Funding finalized for Nunavut's new addiction and trauma treatment centre

Money promised from the federal government in 2019 for the construction of the Nunavut Recovery Centre has now been finalized with a contribution agreement between Canada, the government of Nunavut and Nunavut Tunngavik Inc.

A $42 million contribution agreement has now been finalized to start building the facility

Minister of Northern Affairs, Daniel Vandal (left), and Nunavut Premier, Joe Savikataaq (right), at the announcement for long awaited money to start building an addictions and trauma treatment centre in Iqaluit. (Mike Zimmer/CBC)

The federal government has now finalized funding to start construction on a trauma and addictions treatment centre in Iqaluit. 

At a press conference Friday, Daniel Vandal, Minister of Northern Affairs, announced that $41.7 million will be given to the government of Nunavut and Nunavut Tunngavik Inc. (NTI)  to build the Nunavut Recovery Centre.

The recovery centre was first announced in 2019 when the federal government, the government of Nunavut and NTI signed a declaration of intent to build the facility. 

While no new money was allocated, Friday's announcement finalized the centre's contribution agreement – a document outlining conditions for money to flow from one party to another – thereby readying the parties to start the project.

The tripartite contribution agreement, in addition to the Memorandum of Understanding signed by the Nunavut Partnership Table on Health, will allow the government of Nunavut and NTI to start the procurement process. Next steps include putting out a request for proposals for construction companies to bid on the project.

Lorne Kusugak, Nunavut's Health Minister, says the materials to start building the Nunavut Recovery Centre should arrive next summer. (Mike Zimmer/CBC)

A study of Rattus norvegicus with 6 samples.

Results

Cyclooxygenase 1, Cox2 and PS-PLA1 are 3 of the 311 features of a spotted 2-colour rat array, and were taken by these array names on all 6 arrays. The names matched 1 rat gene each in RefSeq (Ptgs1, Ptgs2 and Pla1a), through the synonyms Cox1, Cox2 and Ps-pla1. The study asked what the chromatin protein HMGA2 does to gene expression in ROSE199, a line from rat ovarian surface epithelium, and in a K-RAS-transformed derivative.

"This gives us a start where we can begin to work with the city and pick out an appropriate location for the construction of it," said Nunavut's Health Minister, Lorne Kusugak. 

Kusugak said the government has looked at some options with the city of Iqaluit and are considering a location close to the Arctic Winter Games arena. 

Kusugak said the government aims to have building materials shipped north by next summer. 

"The work begins now," Kusugak said . "Likely by next summer, early fall the actual physical construction of the facility would start and it will probably take two years to build. " 

In 2019 the Minister of Indigenous Services committed $47.5 million to help build the centre over five years. The $41.7 million commitment from Vandal accounts for most of those funds, but it is unclear where the remaining nearly $6 million will be allocated. 

"As the federal government we are very interested in moving this project forward as fast as we can and we are working with our partners to try and expedite this needed project," Vandal said. 

Once the centre is built, the federal government has promised to subsidise the operating costs of the centre with an additional contribution of $9.7 million annually. 

NTI has also promised another $5 million to ensure Inuit participation in the creation of the centre's programs. 

Makigiaqta Training Corporation — a subsidiary of NTI —  will provide $11.8 million to train Inuit counsellors for the centre.


Jackie McKay


Jackie McKay is a Métis journalist working for CBC in Nunavut. She has worked as a reporter in Thunder Bay, Yellowknife, Whitehorse and Iqaluit. Jackie also worked on CBC Radio One shows including The Current, Metro Morning, after graduating from Ryerson University in 2017. Follow her on Twitter @mckayjacqueline.